Italian Heritage month is not celebrated – OPINION
Sofia Rositani – Editor-in-Chief
Antonio Bagnetto, Rocco Geraci, Loreto Comitis, Charles Traina and 7 more were lynched on March 14, 1891, in New Orleans on the street that is now used for Mardi Gras parades.
Italian Americans did not get an apology until March of 2019 by the mayor of New Orleans.
“Nobody thinks of an Italian being lynched, when it was common practice back then,” John Fratta, from the Order of the Sons of Italy said in an article from BBC. “So [the apology] is more of an education, especially for younger Italian-Americans.” He added, “Also to let these 11 souls rest in peace, knowing that they got the apology they deserved.”
Few people would think that Italians were lynched or had slurs thrown at them but that is so far from the truth. Many Italian immigrants, especially those from Southern Italy, including my family, were considered “scum” and were treated as such. With slurs like “wop,” “Guido” and “guinea” being yelled and used by those who were racist toward Italians.
Today we have no celebrations for Italian American heritage month, most of it steeped in anger due to “Columbus Day.” But rather than getting angry at the holiday and the name, people should read and learn why it was created. We do not use it to celebrate Christopher Columbus, Italians in America use this day to celebrate our ancestors who fought to get to a country that did not even care about them. A country that killed 11 innocent men, and probably more, and to this day celebrate on the same road that these lynchings occurred.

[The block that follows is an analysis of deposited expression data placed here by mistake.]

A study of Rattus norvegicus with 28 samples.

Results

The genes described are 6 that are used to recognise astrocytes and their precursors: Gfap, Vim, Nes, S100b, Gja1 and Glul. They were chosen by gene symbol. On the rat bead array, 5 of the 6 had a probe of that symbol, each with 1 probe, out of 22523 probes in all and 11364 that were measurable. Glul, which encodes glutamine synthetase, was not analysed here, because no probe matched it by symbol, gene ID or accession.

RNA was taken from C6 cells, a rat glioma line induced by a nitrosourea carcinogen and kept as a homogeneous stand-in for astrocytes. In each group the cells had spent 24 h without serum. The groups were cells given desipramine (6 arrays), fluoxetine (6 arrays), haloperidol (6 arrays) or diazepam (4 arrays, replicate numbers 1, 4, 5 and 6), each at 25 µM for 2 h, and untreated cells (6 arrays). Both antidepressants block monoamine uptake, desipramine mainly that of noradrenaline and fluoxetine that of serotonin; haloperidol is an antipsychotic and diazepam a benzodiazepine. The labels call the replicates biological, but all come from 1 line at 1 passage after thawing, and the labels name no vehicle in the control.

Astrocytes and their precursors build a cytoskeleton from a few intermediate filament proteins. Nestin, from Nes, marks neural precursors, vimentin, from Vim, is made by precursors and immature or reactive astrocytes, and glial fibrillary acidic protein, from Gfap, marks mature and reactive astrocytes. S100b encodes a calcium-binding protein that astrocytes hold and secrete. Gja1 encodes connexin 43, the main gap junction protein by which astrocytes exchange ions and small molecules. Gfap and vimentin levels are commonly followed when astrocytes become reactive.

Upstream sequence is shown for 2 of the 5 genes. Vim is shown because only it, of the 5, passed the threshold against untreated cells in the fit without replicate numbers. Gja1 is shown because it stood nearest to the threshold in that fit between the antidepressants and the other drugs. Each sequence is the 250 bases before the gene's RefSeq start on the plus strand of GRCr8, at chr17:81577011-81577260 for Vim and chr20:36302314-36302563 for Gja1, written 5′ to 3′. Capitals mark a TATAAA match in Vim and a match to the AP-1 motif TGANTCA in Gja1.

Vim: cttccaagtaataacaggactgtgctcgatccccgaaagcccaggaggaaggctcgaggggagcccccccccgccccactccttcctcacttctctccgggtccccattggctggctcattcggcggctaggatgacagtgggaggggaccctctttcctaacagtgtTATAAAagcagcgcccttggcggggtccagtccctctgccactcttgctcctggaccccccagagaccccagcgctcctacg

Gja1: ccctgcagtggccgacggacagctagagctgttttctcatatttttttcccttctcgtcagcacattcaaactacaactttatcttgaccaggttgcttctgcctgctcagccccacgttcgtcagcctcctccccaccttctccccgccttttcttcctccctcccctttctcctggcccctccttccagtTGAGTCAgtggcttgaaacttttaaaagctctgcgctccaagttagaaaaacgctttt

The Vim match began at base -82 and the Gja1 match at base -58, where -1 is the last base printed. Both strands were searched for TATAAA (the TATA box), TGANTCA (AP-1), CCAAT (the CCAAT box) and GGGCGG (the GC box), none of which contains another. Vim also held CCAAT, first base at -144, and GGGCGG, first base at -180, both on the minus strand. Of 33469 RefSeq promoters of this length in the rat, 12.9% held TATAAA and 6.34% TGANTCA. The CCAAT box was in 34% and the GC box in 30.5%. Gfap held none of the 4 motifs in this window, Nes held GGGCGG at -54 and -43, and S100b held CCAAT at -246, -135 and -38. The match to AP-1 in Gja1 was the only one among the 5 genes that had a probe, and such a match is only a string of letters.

“President Benjamin Harrison proclaimed it as a one-time national celebration in 1892 — in the wake of a bloody New Orleans lynching that took the lives of 11 Italian immigrants. The proclamation was part of a broader attempt to quiet outrage among Italian-Americans, and a diplomatic blowup over the murders that brought Italy and the United States to the brink of war,” according to an article from the New York Times.
While the entire reason for creating this holiday was to shut up those who were upset with this country, it now further pushes the Italian culture away from being celebrated. I do not like this at all. As an Italian woman, it is my job to make sure this state and this country knows that we will not go down without a fight. We deserve to be celebrated as much as any other culture but this university, this state and this country continue to turn their heads away from us and do not care.
You can say I am being very overdramatic or even sound crazy, but as someone who has not even seen anything pertaining to it being Italian-American Heritage month, or the fact that I am forced to be quiet when I want to speak about the culture I grew up in makes me disheartened.
“Columbus Day” is considered controversial to celebrate. If people want to change the name go ahead but change it to an Italian or better yet call it “Italian Heritage Day.”
I understand writing this is very controversial, but I have a right to be upset when a city that prides itself on being Italian and having the best “pizza” does not even celebrate a month meant for the people who created it. And this university is very hypocritical because they say they are for diversity and culture but have yet to do anything to celebrate this month.
I am a senior and I have not seen anything in the four years I have been here, and I am genuinely upset about this. My friend and I have been trying to set up meetings for two weeks to go over this
, but it has yet to happen, and I highly doubt that it will. It upsets me as someone who wants to actively see change on this campus such as teaching students and faculty about my culture.